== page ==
Blogger Con II Notes, Partie Deux


Question: What makes a blog a blog?

Answer: The form. More specifically, what distinguishes blogs from other kinds of web media, is that the granular unit of the blog, the quantum unit is the post, not the page.

This post-oriented architecture makes all kinds of things possible. It’s the backbone for the permalink culture, for one thing. For another, it lets me put any given post on this blog exists in at least three places at once: the date archive, the category archive, and the individual archive (and, in the case of recent posts, the front page).

Now all that’s pretty cool. But unfortunately, tools for manipulating posts seem pretty limited. For example, with MT, I can sort my posts by date or category, but that’s about it (one can also sort by author, but that has limited utility for a single-author blog).

Why can’t we have more and better tools for manipulating posts as objects? I have well over a thousand posts on any number of topics in this particular blog, and I imagine that other long-term bloggers have even more than I. We need better tools to deal with these unwieldy databases.

One potential application: picking out sub-narratives from the clutter of a daily weblog. A trivial example would be my running joke about trying to get into the New York Times. This could be done by providing an easy way to see what posts reference each other (maybe you could think of it like a kind of internal trackback) and then mapping them so that the relationship between those six disparate posts would be made clearer. What would be even more useful would be a tool that could cross-reference these sub-narratives: that Another Near Miss post is not only part of my international fugitive sub-narrative, but also relates to this entry from last July, and, in a somewhat more tangential way, this entry from December, and these two photographs.

Now, I know that some of you are saying “but isn’t that what categories are for?” Well, yes and no. Categories are kind of a gross tool, useful for lumping large chunks of data together. If they’re too broad (“Things I Do During The Day”) they’re fairly useless; on the other hand, if they’re too granular (“19th Century Paintings I Saw on the Second Floor of the South Wing of The Metropolitan Museum of Art”), they’re equally useless. Like Goldilocks’ porridge, they need to be just right to be useful. Moreover, sub-narratives often cross categories; the same six posts mentioned above are scattered across three different categories.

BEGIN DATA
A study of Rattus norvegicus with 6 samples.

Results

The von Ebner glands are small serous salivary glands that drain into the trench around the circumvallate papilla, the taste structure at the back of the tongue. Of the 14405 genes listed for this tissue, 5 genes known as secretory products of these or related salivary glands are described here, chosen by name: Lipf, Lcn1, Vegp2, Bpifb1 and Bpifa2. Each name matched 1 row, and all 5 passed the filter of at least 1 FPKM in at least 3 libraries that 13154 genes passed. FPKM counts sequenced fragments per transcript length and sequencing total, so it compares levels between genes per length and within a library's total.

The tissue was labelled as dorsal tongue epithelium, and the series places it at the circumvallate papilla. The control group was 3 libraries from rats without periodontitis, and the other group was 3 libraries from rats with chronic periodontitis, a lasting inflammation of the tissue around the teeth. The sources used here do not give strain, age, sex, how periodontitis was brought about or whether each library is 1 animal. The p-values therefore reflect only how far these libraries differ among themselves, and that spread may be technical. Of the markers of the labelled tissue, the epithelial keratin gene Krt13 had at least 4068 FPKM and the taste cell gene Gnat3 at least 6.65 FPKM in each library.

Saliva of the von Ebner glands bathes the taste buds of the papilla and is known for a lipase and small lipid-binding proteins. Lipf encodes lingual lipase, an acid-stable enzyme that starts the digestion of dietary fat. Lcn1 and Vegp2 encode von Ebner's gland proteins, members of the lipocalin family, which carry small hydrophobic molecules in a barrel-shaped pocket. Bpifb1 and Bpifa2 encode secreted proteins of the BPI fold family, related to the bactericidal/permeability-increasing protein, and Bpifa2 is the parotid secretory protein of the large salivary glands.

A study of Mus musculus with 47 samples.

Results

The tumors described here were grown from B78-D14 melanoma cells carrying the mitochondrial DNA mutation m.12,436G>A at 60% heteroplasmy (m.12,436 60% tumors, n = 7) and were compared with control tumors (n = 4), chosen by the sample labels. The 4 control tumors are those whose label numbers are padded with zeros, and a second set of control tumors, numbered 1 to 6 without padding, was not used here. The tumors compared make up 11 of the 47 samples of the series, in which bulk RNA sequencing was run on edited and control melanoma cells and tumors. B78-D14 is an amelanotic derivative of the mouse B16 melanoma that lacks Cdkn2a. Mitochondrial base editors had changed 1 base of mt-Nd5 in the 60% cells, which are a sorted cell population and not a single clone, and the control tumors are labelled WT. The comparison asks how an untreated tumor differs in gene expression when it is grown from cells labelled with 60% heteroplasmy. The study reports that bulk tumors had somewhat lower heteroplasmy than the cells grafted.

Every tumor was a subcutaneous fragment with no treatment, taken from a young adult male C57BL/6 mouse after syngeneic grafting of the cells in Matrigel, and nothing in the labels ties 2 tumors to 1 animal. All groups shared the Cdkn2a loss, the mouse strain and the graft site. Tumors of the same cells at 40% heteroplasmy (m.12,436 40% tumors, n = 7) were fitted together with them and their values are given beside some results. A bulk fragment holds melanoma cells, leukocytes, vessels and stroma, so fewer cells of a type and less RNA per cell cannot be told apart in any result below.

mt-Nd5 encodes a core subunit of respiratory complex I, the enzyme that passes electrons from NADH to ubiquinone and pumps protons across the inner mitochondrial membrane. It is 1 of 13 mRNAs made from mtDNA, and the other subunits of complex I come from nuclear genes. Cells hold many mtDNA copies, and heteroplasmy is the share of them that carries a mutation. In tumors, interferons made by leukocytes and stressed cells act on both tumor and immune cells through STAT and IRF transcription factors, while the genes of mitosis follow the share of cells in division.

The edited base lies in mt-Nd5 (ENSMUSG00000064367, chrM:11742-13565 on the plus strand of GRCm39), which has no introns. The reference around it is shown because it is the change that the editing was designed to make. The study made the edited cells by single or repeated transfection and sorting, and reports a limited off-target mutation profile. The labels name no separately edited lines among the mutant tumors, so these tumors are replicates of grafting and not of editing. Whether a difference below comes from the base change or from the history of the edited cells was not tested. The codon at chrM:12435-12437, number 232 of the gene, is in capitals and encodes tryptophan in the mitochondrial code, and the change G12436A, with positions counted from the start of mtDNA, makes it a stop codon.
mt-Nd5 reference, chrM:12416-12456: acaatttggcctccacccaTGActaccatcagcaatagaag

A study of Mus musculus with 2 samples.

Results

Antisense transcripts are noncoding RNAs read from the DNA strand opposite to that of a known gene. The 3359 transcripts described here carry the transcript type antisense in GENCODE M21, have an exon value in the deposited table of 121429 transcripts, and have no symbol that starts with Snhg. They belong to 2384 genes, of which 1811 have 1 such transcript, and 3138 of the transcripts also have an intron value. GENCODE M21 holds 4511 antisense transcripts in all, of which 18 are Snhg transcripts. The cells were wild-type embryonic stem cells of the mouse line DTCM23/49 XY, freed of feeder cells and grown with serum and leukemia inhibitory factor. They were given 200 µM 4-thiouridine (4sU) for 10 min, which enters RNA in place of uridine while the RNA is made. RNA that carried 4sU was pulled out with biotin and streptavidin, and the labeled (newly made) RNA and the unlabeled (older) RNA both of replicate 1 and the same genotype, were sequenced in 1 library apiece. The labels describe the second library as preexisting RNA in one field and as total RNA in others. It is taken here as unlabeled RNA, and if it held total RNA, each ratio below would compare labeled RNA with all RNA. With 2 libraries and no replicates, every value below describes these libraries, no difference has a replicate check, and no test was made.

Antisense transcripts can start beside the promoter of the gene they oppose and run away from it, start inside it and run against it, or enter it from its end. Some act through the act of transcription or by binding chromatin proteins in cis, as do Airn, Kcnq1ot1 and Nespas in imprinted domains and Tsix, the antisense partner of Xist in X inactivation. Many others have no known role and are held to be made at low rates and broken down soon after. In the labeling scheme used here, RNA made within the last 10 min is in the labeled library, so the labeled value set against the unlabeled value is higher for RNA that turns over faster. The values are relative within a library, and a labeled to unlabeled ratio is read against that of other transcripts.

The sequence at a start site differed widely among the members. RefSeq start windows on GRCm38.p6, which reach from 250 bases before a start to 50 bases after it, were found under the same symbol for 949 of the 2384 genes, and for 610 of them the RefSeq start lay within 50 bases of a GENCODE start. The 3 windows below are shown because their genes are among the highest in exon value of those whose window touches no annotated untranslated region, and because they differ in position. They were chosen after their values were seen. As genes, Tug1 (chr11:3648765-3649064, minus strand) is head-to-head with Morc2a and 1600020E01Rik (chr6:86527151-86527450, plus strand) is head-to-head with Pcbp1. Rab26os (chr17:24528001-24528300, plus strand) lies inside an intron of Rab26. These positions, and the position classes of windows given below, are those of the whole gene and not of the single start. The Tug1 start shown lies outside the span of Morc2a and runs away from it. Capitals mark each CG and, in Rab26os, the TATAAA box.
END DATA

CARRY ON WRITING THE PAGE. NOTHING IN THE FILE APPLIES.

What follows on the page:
Each box above represents a blog post arranged chronologically; the colors represent different categories. This is how most readers experience blogs; a chronological series of disparate posts. There’s no obvious connection between the various posts.

But if the narratives inherent in the various posts could be made explicit, then it might look something more like this:

pretty fancy-dan graphics, eh?

The thick line indicates a narrative relationship; the thin lines are more tenuous connections.

And if we can manage our blog posts as part of narratives, then we can look at how different narratives threads intersect and interact, and, at least in theory, get a better, fuller concept of the picture that the blogger is trying to paint.

What else can we do if we have tools that treat blog posts as objects? Scott Young pointed out at dinner on Saturday night that there’s not much difference, structurally, between an email and a blog post. They both have a date, title, sender, and a discrete block of text as the main body. So perhaps some the tools that are being developed to help manage email—data mining, for example—can be brought to bear on the blog problem. Maybe someone will develop a blog tool that puts posts in tree-like hierarchies, much like how modern email applications can thread discussions.

Another possibility to explore is per-post access control. At the moment, blog tools, with the exception of LiveJournal, have no real way to control the visibility of each object (well, there is draft/publish, but that hardly counts). LiveJournal offers a binary type of access control: users there can either publish posts publicly or to their “friends” list. As far as I know, there’s no option to only publish to a particular subset of the “friends” list (a “super-friends” list?), but something like that certainly could be useful, particularly in a corporate context.

Perhaps posts could expire after a certain amount of time. This could be useful for time-limited announcements: “Due To Rain, The Company Picnic Has Been Moved To The Cafeteria”. Perhaps time-control and access-control could be combined: for a certain period of time, certain posts are only accessible by certain users; when that period of time has expired, those posts are accessible by all users.

There is no question in anyone’s mind that blogging software has been incredibly innovative and creative over the past few years. The idea that the web could be broken up into smaller chunks than just a page was really revolutionary. I think that now that this post-as-building-block model has been firmly established, the next step is going to be figuring out new ways to manage and play with these building blocks.


You can, actually publish to distinct groups of your friends on livejournal.

This is reflected on your friends page by I personally use it not to restrict friends-only posts to certain friends, but to keep my comics separate from regular livejournal entries for easy viewing.

Paul Ford has a pretty briliant database and interface for archiving and cross-referencing posts by all sorts of categories. Check it out at

You probably know of him, but I thought I would mention it.

I'm reading this way after the fact, but great article.